When vision is provided through thermal-imaging systems field-of-view is reduced, effectively the soldier must operate with severe tunnel vision and so there is a requirement for a system which provides automated warning and immersive imaging. We present a computational multi-aperture thermal infrared (MA-TIR) imaging system with single-photon range imaging to provide enhanced video-rate detection of obscured biological signatures in clutter. Our multi-camera computational imaging system creates a 360° panoramic image, and we employ synthetic baseline integral imaging (SBII) for the construction of three-dimensional thermal scenes, including detection of occluded objects. We further fuse thermal imaging with covert time-correlated single-photon counting (TCSPC) LIDAR to provide the complementary capability of video-rate ranging with the ability to detect and classify targets through clutter, particularly based on movement signatures. Finally, we demonstrate the ability to discriminate between biological scene components and static clutter based on temporal modulations of picosecond resolution TCSPC returns.
Phase space provides the natural formalism with which to formulate optical imaging problems as a system with constraints. We consider the general formulation of optical imaging problems and look at two examples. The first example is a completely asymmetric freeform prism that has titled surfaces. The second example is a gradient index medium that is exactly solvable. This gives an alternative formalism to standard Seidel aberrations and nodal aberration theory, which can be used in the design process.
Phase space provides the natural formalism with which to formulate optical imaging problems as a system with constraints. We consider the general formulation of optical imaging problems and look at two examples. The first example is a completely asymmetric freeform prism that has titled surfaces. The second example is a GRIN media that is exactly solvable. This gives an alternative formalism to standard Seidel aberrations and nodal aberration theory that can be used in the design process.
We describe how the use of multiple-camera imaging systems provides an interesting alternative imaging modality to conventional single-aperture imaging, but with a different challenge: to computationally integrate diverse images while demonstrating an overall system benefit. We report the use of super-resolution with arrays of nominally identical longwave infrared cameras to yield high-resolution imaging with reduced track length, while various architectures enable foveal imaging, 4π and 3D imaging through the exploitation of integral imaging techniques. Strikingly, multi-camera spectral imaging using a camera array can uniquely demonstrate video-rate imaging, high performance and low cost.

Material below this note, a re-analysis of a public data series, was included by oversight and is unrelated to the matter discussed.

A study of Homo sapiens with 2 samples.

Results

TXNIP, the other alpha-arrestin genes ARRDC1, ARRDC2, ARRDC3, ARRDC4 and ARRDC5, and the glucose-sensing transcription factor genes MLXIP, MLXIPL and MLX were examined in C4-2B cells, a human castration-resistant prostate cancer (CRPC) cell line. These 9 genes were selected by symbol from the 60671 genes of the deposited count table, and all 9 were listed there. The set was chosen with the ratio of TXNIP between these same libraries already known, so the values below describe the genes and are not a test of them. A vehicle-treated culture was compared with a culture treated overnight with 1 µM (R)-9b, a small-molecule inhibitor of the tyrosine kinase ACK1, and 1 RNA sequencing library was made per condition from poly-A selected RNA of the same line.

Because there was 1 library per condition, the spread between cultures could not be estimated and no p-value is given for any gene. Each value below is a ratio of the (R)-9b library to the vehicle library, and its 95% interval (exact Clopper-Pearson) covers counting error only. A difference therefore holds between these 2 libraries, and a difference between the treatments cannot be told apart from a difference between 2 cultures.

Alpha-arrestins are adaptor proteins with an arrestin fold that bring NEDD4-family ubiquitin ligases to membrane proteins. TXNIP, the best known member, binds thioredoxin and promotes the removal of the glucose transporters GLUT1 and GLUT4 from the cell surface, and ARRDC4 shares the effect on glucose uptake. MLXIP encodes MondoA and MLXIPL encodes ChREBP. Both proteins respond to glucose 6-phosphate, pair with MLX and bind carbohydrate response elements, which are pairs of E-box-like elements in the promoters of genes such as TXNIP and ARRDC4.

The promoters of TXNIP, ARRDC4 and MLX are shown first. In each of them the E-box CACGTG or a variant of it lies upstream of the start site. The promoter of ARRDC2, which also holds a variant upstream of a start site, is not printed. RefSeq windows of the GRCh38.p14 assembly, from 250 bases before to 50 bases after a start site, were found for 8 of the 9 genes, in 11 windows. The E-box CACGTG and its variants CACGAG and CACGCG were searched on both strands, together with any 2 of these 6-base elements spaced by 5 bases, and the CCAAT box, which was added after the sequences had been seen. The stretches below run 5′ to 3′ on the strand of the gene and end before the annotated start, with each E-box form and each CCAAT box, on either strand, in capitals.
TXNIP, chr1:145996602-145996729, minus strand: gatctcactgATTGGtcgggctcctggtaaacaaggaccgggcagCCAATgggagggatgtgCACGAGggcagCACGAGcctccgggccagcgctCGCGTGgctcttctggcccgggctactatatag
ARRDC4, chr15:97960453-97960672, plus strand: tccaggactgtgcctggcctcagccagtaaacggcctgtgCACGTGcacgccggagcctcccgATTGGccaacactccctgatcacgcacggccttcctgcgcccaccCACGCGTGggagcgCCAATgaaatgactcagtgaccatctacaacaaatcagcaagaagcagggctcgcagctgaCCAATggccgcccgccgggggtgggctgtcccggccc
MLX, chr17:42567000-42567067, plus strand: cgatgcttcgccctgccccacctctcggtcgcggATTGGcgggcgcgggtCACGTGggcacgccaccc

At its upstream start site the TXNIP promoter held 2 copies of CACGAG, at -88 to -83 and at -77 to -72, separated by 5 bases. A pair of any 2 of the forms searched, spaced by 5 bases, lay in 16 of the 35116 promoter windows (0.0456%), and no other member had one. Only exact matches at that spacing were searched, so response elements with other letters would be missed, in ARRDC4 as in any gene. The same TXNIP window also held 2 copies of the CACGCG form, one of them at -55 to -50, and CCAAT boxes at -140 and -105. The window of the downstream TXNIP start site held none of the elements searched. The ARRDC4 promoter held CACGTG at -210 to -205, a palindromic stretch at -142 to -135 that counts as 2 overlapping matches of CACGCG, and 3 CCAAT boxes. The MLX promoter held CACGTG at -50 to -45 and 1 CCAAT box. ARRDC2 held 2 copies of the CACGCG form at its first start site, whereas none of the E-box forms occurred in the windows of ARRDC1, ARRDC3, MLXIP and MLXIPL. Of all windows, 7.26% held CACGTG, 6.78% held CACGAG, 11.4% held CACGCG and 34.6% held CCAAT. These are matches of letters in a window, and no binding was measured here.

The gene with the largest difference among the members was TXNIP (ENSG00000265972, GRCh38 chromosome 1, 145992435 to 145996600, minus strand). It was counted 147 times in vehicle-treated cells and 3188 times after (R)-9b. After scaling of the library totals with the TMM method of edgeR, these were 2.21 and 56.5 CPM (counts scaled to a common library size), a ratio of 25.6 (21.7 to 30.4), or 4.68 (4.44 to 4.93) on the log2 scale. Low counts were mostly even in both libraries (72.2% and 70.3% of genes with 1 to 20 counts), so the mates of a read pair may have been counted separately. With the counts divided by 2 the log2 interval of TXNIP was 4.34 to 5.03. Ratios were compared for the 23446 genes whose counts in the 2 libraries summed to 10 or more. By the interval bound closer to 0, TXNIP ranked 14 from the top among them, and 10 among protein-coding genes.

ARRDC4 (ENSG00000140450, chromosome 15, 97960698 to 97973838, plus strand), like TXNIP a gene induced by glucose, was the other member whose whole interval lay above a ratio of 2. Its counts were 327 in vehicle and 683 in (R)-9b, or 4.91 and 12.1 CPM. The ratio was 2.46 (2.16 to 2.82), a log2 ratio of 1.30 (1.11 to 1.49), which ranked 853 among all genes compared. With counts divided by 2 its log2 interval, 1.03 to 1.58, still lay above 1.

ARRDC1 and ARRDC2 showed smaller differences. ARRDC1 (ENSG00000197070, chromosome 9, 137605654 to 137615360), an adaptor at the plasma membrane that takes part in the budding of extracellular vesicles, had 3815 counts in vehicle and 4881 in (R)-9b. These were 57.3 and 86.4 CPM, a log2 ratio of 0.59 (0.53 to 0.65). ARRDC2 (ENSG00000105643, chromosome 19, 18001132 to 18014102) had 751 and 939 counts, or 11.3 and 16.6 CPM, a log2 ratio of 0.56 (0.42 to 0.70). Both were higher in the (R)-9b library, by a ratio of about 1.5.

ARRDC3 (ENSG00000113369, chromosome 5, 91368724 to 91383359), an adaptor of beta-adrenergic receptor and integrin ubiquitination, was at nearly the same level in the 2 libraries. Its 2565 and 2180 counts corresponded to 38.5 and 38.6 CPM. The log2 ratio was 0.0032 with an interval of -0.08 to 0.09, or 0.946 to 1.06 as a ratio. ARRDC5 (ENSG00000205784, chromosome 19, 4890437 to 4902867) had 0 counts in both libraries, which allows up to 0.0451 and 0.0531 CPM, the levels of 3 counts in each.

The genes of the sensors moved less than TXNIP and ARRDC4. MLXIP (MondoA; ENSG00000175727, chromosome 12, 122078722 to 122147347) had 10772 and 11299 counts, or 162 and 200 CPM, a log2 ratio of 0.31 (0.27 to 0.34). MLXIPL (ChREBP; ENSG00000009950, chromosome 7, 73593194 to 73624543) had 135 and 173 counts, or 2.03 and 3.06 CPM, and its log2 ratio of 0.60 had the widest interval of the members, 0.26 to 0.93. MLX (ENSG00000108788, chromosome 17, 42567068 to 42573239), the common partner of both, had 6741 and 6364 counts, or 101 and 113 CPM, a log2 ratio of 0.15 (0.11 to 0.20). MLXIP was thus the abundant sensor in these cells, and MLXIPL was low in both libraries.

We consider using phase space techniques and methods in analysing optical ray propagation in head mounted display systems. Two examples are considered that illustrate the concepts and methods. Firstly, a shark tooth freeform geometry, and secondly, a waveguide geometry that replicates a pupil in one dimension. Classical optics and imaging in particular provide a natural stage to employ phase space techniques, albeit as a constrained system. We consider how phase space provides a global picture of the physical ray trace data. As such, this gives a complete optical world history of all of the rays propagating through the system. Using this data one can look at, for example, how aberrations arise on a surface by surface basis. These can be extracted numerically from phase space diagrams in the example of a freeform imaging prism. For the waveguide geometry, phase space diagrams provide a way of illustrating how replicated pupils behave and what these imply for design considerations such as tolerances.
We consider using the Alvarez lens concept to perform focal length change in conventional optical systems. The Alvarez pair are a good example of freeform surfaces that are used to imprint a deformation into the propagating wavefront. In addition, we try to better understand the paraxial theory of each freeform component in building up to a composite lens system. An example dual field of view system in the medium wave infrared is presented. An inherent feature of the Alvarez pair is the axial symmetry breaking due to both the finite air gap between the cubic surfaces and the transverse movement of the pair. This has implications for the wavefront at the image plane. Having developed the first order theory one can better understand misalignment tolerances and how these produce certain wavefront aberrations. Most notably, misalignments lead to simple expressions in terms of the Zernike polynomials.